A helicopter drops water over a wildfire raging near the city of Massarosa, Tuscany, in July 2022. (Photo by Federico SCOPPA / AFP)

As wildfires devastate Rhodes and other Greek islands, how high is the risk in nearby Italy and what can we expect this summer?


With raging wildfires on parts of the Greek islands of Rhodes, Corfu and Evia leading to the country’s biggest-ever evacuation effort, many people planning travel in southern Europe are concerned about the risks amid unusually high summer temperatures.

Italy is known to suffer numerous wildfires during its hot, dry summers and 2022 was a particularly bad year, with the number of blazes in the country around three times higher than average amid a series of intense heatwaves.

READ ALSO: Should you reconsider travel to Italy during a heatwave?

So far, summer 2023 has not been the most destructive in terms of forest fires in Italy, which may come as a surprise given the recent blistering temperatures.

But as a prolonged heatwave continues to hang over the south of Italy, the country's hottest and driest regions are seeing their first major wildfire outbreaks early this week.

In Sicily, Palermo’s Falcone Borsellino airport was closed on Tuesday morning after fast-spreading wildfires reached the perimeter, and surrounding roads and railways were closed.

While the fires in the airport's vicinity were brought under control on Tuesday, firefighters continued to battle blazes raging nearby including on the Capo Gallo mountain above the seaside resort of Mondello, and the Bellolampo hill, where on Monday night part of the local landfill was reported to be on fire and emitting poisonous fumes.

READ ALSO: Blackouts, water shortages, wildfires: How extreme heat is hitting Sicily

Sicily has been on alert for wildfires for the past week, and arsonists were blamed for starting several destructive fires as temperatures hit 44-45C in many areas.

Burnt areas due to wildfires in Italy and neighbouring countries on Monday, July 24th. Map: European Forest Fire Information System (EFFIS).

In the southern region of Puglia, no major fires were reported in recent days. However there were dozens of active blazes on Tuesday afternoon according to the European Forest Fire Information System (EFFIS), and local safety authorities warned that the fire season was just getting started.

The number of wildfires reported in the southern region has been rising steadily since June, and the current heatwave “brought with it, as always happens, an intensification of fires in the region, facilitated by the very high temperatures and the lack of rainfall," regional civil protection committee head Maurizio Bruno told local media on Monday.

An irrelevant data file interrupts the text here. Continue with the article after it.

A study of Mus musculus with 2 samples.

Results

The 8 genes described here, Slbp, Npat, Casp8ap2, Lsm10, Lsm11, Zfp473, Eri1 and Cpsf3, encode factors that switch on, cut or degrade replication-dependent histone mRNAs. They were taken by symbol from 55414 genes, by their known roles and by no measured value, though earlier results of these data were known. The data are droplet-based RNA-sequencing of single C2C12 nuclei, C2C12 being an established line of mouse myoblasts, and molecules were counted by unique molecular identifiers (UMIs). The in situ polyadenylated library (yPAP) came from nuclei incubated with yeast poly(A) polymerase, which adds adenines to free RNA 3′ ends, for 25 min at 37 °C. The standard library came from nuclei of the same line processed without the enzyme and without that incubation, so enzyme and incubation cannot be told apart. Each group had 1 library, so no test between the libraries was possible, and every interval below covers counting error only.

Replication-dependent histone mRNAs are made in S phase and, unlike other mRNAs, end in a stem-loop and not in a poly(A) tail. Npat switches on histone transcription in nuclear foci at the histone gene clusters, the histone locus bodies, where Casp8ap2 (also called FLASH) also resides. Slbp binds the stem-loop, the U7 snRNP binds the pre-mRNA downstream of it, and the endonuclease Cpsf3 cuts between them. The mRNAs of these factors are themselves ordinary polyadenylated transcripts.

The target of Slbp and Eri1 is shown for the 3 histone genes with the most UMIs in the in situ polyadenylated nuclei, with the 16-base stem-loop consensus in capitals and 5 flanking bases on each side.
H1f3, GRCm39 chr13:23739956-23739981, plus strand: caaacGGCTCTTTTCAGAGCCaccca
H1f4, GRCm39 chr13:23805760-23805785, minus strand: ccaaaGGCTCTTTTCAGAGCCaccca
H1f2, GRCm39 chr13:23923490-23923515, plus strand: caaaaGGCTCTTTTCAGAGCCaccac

There were as many as 70 active wildfires on Sunday in the Calabria region, particularly in the provinces of Reggio Calabria and Cosenza.

While the latest news reports are worrying, EFFIS data shows that Italy has so far seen below-average numbers of fires this summer.

Abundant rainfall during the spring months played a central role in reducing the number of wildfires so far, especially in the south of the country, which saw a surplus of “120 millimetres of rain on average” in May alone, according to Gherardo Chirici, director of forest geomatics at the University of Florence.

Experts warn that dry turf and scorching heat favours the spread of fires, some of which begin spontaneously, though the majority are caused by human actions.

Burnt items after a deadly wildfire near Nuoro, central Sardinia, in July 2009. (Photo by MASSIMO LOCCI / AFP)

“Green vegetation” and “damp ground” have so far helped prevent wildfires, Chirico says.

“Wildfire season will surely come,” he says, “though we hope it will remain below the averages of past years”.

“According to our models, the trend registered so far cannot be fully reversed.”


If this trend continues, Italy could see thousands of hectares of land spared from destruction as well as lower CO2 emissions. 

Some 13,200 hectares of land in Italy have been burnt up by 52 major fires this year, according to EFFIS data.

The figure is, as yet, far lower than that in 2022, when a total of 58,750 hectares were burnt by blazes.

And in 2021, 659 major fires claimed 150,550 hectares, making it the second-worst year for wildfires in Italian history after 2007. 

The amount of CO2 produced by wildfires in the country stood at 0.4 megatonnes (Mt) at the end of June – that’s 1.8 Mt less than the total for 2022 (2.2 Mt).